Films | Artist Interviews | Navdeep Singh – Manorama Six Feet Under RESURFACES

Navdeep Singh – Manorama Six Feet Under RESURFACES

Posted by Vivek on January 10, 2011 | No Comments

Navdeep got the attention of the audience with his debut film. It was the simplicity, the undercurrent of self decrypting humor and the “everydayness” of the characters, so unusual to find in a thriller, that was the most endearing part of Manorama 6 Feet Under. In an era where everyone was shouting from the rooftops of their film being different, this one WAS INDEED, different. It again highlighted the depth and the diversity of the Indian film industry, once you got off the Bollywood crust.

The other thing that comes across about Navdeep is his inherent straight forwardness, his lack of defensiveness and his ability to become totally objective about his own creations, a unique quality amongst creative people.
Here is Navdeep in his signature straight shooting style :

Yours was a case of obtaining film school education in the US and then promptly returning to India and making a very Indian (at heart) film. Talk a little about this, take from West and make for the East mindset? What did the West do in your growth as a filmmaker?

Honestly, it wasn’t that prompt – I did a stint of about 4 years directing TV commercials in the US & UK before coming to Bombay. It was when then that the desire to make feature truly kicked in and I realized that India was the place to do that.
The desire partly was to make the kind of movies one wanted to see, oneself.  I was never a huge fan of the typical output of the Bombay film industry. Given the post 70s scenario – shoddy films with shoddy technical quality there was something new in the air in the early 2000’s when I visited Bombay. ‘Satya’ and ‘Hyderbad Blues’ had released. People were attempting to move away from the old formulas. It was like a frontier town – anything seemed possible.

A Western education helped in looking at things anew. A fresh eye and a new perspective, colored no doubt by the wide exposure to International cultures that the typical Western megalopolis affords. Living in LA or London or New York suddenly puts art and culture from around the world at your fingertips if you want to access it. You begin to realize that there are multiple ways of looking at things and approaching them – It’s a certain openness of the mind.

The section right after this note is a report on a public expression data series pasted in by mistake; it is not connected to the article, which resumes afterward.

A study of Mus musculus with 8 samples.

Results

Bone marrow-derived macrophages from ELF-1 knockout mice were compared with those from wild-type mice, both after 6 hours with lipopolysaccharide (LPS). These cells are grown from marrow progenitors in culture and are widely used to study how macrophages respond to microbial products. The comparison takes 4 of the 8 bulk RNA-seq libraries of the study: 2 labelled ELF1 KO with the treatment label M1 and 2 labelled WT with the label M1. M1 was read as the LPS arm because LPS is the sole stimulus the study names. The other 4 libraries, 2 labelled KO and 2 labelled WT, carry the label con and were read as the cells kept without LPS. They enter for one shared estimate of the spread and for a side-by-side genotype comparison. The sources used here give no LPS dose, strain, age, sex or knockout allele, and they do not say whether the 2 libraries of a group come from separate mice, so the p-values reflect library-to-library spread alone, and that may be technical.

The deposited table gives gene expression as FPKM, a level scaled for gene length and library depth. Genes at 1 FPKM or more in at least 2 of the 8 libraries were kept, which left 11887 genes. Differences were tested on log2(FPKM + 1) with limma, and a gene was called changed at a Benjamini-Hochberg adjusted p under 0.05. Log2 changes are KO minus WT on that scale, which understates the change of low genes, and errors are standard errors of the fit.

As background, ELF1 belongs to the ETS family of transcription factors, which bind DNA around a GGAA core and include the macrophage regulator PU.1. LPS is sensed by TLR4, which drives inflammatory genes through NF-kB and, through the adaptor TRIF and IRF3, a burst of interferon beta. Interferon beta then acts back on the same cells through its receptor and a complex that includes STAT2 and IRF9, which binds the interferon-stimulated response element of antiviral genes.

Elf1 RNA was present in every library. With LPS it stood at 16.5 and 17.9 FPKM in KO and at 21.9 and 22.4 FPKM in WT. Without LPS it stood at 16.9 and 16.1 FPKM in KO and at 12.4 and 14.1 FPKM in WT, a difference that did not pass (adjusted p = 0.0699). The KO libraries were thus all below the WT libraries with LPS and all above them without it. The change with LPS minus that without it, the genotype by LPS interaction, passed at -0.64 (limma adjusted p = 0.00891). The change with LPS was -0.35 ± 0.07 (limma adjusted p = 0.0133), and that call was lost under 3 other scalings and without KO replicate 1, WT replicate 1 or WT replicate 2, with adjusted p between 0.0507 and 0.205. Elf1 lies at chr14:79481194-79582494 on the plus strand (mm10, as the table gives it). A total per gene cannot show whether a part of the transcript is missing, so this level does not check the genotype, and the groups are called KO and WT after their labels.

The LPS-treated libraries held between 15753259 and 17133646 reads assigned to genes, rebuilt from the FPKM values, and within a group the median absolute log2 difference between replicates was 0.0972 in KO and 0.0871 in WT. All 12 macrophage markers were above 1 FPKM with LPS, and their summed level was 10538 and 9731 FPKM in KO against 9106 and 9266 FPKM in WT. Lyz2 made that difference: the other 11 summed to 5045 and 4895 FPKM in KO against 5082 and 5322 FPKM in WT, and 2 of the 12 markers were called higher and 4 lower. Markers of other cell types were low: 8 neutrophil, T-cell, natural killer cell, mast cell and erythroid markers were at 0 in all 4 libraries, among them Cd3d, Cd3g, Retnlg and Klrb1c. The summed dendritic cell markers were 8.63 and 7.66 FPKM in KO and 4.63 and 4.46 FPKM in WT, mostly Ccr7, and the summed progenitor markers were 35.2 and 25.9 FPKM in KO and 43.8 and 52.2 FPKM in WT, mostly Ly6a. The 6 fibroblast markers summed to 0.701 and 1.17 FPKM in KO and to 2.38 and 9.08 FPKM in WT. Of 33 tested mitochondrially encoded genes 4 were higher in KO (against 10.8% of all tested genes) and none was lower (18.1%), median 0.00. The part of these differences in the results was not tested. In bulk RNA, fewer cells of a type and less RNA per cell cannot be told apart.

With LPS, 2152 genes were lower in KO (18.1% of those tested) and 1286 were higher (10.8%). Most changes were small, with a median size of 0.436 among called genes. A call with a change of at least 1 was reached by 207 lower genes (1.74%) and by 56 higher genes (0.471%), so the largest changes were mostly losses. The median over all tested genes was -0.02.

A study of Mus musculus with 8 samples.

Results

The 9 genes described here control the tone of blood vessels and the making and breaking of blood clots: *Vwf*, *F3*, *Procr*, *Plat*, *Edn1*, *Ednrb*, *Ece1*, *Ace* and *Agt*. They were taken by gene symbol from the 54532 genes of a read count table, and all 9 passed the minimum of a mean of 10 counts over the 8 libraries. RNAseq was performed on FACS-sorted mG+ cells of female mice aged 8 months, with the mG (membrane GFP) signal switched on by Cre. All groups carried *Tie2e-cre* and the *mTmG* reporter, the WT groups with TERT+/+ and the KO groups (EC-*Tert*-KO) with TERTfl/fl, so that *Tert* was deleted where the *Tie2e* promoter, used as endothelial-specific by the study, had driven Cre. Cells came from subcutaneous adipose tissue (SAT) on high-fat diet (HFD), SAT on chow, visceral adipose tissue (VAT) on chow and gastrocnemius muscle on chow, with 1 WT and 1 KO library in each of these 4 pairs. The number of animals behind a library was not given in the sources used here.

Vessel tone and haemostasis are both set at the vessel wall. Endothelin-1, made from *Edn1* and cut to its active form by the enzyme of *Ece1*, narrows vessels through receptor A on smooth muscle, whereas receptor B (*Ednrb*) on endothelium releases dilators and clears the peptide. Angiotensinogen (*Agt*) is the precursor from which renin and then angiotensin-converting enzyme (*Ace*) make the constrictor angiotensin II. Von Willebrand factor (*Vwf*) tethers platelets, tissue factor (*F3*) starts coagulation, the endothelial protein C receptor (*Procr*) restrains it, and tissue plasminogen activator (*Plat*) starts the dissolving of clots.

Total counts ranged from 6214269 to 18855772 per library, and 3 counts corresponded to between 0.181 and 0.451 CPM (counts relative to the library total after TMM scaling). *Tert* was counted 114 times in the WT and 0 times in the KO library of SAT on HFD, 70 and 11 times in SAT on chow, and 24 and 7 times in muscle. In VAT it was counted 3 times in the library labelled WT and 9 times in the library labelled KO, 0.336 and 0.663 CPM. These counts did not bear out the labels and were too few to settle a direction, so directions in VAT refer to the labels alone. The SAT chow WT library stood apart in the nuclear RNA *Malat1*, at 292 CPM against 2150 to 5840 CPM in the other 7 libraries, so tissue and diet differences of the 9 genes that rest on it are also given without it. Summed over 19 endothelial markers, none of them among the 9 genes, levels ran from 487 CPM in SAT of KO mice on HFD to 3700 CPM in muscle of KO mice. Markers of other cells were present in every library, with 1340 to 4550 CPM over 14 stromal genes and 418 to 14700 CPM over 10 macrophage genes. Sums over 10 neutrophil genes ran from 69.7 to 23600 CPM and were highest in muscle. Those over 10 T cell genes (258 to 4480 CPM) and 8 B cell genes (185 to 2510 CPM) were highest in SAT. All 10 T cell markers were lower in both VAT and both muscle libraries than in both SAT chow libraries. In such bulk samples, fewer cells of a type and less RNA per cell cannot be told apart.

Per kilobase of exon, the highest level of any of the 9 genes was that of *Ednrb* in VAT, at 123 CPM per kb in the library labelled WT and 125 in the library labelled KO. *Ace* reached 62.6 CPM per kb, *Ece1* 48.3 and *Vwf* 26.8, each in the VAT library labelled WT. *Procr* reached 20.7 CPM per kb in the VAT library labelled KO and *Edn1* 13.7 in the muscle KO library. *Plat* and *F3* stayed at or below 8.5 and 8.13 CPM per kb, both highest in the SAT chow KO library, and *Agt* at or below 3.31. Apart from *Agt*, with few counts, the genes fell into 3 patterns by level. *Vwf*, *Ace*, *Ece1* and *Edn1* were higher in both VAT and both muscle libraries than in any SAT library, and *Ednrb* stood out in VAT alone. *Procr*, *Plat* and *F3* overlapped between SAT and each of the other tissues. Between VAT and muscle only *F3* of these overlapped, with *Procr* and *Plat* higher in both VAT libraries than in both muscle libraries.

Staying with Manorama, an amazing film by the way, you did something very unusual with the characters, including the lead pair, you made them very regular, very normal and yet very fascinating, talk a little about this unique character development in your movie?

I’ve always been fascinated by ordinary people in extraordinary circumstances. The word ‘ordinary’ is such a disservice to the kind of people we meet and see everyday. Their individual quirks, their personal hopes and fears are so unique at one level and yet so universally recognizable. Different people react to different situations in different ways – the interesting bit for me is the ‘why?’
Hindi mainstream cinema has never had much of a tradition of psychologically motivated characters. It’s perceived to be a Western notion even though, for instance, the Mahabharat, is replete with psychologically interesting characters.

I was very certain that at one level ‘Manorama’ had to be a character drama. At the writing stage, a lot of people had suggested that we should concentrate on the thriller aspects of the story and drop the character development bits. I resisted that for better or worse – Honestly, I do believe that we weren’t skilled enough to seamlessly fuse the character drama and the plot imperatives as seamlessly as we needed to – hence the pacing issues that turned some people off.

The challenges faced in traditional Bollywood, as the new kids on the block aka you, make their way with your unique set of ideas?

There is an inherent ‘last Friday’ mentality (though this is not unique to Bolly) that needs to be conquered. A rom-com does well and suddenly everyone wants to make rom-coms. A rustic actioner breaks box office records and everybody wants to get on that bandwagon.

It’s also incredibly closed though Bollywood is again not unique in that regard.  However, it is unique in it’s dynastic trappings – Bollywood’s fatal flaw in my opinion. If you are going to draw from such a limited gene pool there are bound to be inbred accidents along the way.

How has your Ad filmmaker background helped you in your Feature film world?

I think the Ad film world, especially in the Indian context, has always been a better organized and planned space than the Features scene. This certainly provides one with a degree of discipline that comes in handy in keeping budgets and production escalations under control.

On the creative end of things, there’s a certain readiness to think on one’s feet, which one learns in advertising, that is incredibly useful on a chaotic film set.

Talk a little about your upcoming projects?

I was working on a thriller called ‘Basra’ for nearly two years. Unfortunately, it ran into money troubles and is currently on the back-burner. I’m currently working on a comedy tentatively titled ‘Shaadi of the Dead’. It’s quite mad yet very accessible at the same time.

I ask this from a lot of my interviewees, but since each of you is a unique perspective and each one matters to our readers, your take on “Is it about the Stars or is it about the Content and solid acting,” from an Indian moviemaking perspective?

As far as producers are concerned it’s about Stars all the way. Content has no value in Bollywood if it has no Stars attached.
The audience still has a big Star hang-up but at least they now demand Content along with that. Unfortunately, this is creating a system where over hyped mega movies attempt a smash and grab on opening weekends.